Last week, while watching a glorious PBS-TV documentary called Paris, the Luminous Years: Toward a Making of the Modern, directed by Perry Miller Adato, I realized that I hadn’t paid a visit to Ernest Hemingway’s 1964 classic, A Moveable Feast, for too long a time. “All you have to do is write one true sentence. Write the truest sentence you know,” Hem says in that book, and those were words I was trying to carve into my remaining brain cells as I clacked away at my serial novel, Forget About It (the 19th installment of which has just been posted, with the full archive of chapters available here).
Despite a nasty joke by Hemingway about “a rose is a rose is an onion,” repeated during the program, I knew that he and author Gertrude Stein had once been great friends, spending many hours in her apartment on the Rue de Fleurus near the Musée du Luxembourg, talking about writers and writing. What I’d forgotten is how Stein seems to have awakened a new interest in crime fiction in Hemingway--who’d written many newspaper stories about crime during his post-World War I stint as a reporter with the Toronto Star Weekly.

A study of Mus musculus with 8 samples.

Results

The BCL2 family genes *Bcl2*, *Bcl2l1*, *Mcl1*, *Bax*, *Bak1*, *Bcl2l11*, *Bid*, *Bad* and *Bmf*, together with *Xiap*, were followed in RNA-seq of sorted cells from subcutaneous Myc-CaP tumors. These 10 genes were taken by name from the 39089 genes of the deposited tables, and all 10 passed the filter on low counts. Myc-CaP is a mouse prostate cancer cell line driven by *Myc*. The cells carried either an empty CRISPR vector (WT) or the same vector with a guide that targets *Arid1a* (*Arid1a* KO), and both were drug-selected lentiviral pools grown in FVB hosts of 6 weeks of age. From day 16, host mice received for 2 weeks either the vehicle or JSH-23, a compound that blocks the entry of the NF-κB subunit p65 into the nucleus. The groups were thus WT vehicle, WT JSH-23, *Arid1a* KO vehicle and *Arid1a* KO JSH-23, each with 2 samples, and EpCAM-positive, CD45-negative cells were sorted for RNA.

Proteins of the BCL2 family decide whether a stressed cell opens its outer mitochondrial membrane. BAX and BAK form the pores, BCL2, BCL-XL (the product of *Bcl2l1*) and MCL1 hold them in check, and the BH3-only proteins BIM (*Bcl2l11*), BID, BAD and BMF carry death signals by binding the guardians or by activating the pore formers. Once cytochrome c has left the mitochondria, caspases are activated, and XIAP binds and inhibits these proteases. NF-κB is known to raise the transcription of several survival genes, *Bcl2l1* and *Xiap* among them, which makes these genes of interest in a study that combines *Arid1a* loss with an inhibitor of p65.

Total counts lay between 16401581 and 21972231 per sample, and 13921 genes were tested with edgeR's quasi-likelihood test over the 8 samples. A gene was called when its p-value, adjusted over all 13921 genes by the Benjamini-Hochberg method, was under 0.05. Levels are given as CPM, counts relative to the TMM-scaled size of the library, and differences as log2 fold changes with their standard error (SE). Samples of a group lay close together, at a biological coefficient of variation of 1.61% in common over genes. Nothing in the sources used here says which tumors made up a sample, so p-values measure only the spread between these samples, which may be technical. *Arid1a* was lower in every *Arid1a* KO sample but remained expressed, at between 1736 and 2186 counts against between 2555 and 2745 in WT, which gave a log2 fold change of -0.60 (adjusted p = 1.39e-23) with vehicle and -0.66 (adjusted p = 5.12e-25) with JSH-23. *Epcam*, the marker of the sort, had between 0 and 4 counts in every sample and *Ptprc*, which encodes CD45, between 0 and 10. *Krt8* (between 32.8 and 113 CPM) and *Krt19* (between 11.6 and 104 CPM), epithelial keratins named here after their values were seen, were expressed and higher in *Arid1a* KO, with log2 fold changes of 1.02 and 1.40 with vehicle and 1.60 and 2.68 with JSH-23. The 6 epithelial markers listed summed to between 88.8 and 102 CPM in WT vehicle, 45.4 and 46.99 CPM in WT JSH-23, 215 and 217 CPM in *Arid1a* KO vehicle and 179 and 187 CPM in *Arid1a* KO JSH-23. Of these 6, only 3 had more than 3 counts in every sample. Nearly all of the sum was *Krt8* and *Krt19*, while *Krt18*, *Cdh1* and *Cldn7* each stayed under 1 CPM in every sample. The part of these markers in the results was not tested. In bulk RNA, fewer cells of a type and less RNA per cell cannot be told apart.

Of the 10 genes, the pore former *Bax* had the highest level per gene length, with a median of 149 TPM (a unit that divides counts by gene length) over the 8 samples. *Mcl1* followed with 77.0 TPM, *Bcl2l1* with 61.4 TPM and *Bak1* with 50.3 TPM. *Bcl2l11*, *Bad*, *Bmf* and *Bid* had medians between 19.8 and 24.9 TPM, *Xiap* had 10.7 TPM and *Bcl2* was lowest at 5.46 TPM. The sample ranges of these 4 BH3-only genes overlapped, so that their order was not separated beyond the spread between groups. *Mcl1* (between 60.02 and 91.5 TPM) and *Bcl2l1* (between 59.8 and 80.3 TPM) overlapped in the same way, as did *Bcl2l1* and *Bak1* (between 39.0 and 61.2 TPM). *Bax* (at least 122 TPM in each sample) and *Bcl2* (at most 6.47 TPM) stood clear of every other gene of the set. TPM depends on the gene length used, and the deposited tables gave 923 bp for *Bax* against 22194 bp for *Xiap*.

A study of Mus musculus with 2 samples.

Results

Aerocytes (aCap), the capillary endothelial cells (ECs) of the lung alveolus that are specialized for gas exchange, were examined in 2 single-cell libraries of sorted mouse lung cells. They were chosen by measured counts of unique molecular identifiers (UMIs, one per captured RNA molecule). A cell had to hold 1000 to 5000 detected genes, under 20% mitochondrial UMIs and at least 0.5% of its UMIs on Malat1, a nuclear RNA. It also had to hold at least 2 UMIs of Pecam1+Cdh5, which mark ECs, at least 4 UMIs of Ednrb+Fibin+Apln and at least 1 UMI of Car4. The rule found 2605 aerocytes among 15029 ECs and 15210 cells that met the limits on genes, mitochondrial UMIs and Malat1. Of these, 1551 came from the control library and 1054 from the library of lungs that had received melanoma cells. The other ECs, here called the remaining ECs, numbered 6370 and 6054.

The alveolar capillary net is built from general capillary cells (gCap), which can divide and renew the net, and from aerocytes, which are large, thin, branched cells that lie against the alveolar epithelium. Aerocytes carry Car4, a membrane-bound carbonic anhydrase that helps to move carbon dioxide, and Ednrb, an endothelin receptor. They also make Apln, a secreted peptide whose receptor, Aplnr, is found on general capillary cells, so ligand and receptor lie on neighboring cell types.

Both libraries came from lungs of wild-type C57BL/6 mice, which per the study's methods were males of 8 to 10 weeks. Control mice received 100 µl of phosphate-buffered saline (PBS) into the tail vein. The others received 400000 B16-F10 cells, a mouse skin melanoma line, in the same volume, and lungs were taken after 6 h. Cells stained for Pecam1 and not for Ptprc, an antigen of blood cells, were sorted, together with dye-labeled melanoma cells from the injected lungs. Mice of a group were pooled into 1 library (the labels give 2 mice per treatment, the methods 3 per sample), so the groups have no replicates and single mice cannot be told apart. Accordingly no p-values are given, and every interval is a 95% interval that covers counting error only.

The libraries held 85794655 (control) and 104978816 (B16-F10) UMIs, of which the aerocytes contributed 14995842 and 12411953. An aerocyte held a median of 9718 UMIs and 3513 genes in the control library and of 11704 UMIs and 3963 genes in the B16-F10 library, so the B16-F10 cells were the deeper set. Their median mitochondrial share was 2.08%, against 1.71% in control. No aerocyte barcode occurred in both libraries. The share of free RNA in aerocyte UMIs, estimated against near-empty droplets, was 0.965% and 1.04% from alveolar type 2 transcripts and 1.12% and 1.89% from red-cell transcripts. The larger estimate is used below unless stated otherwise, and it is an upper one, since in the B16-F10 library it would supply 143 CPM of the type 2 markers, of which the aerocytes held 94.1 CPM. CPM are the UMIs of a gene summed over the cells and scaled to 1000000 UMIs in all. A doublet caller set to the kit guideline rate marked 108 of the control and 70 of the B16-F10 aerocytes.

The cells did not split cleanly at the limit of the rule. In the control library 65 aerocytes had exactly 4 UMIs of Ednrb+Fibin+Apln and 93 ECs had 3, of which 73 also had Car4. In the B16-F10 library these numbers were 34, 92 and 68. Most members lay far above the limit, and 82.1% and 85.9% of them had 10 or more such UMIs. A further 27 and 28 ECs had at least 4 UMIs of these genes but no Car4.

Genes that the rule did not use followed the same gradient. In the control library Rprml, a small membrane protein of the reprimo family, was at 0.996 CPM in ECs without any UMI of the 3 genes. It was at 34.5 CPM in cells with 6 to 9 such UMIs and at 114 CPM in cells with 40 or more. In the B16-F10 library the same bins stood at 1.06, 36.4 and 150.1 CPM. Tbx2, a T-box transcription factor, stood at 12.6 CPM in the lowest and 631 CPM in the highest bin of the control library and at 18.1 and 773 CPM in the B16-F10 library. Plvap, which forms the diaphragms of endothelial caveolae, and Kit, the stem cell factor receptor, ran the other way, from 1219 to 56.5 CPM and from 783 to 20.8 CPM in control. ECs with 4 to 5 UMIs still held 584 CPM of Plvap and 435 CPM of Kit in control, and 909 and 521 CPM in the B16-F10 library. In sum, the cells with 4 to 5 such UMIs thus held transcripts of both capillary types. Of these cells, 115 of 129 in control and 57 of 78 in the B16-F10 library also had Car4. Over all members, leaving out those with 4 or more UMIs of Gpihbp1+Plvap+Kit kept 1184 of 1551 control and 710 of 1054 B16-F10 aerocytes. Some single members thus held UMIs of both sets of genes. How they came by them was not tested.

Two of the people whose work Stein suggested Hem read caught his attention: Georges Simenon and Marie Belloc Lowndes, the elder sister of Hilaire Belloc, an Anglo-French writer and historian. Simenon was, of course, one of the most prolific novelists of the 20th century, as well as being an orator, satirist, and political activist. Belloc Lowndes penned dozens of very popular, surprisingly modern mysteries, starting with The Lodger in 1913 (filmed five times, once in a silent version by Alfred Hitchcock) and including Hemingway’s favorite, 1914’s chilling The End of Her Honeymoon (available for free to Kindle users).
So, another way to spend idle hours. Just what we all needed, right?
WATCH MORE: At least for the time being, you can see Paris, the Luminous Years in its entirety here.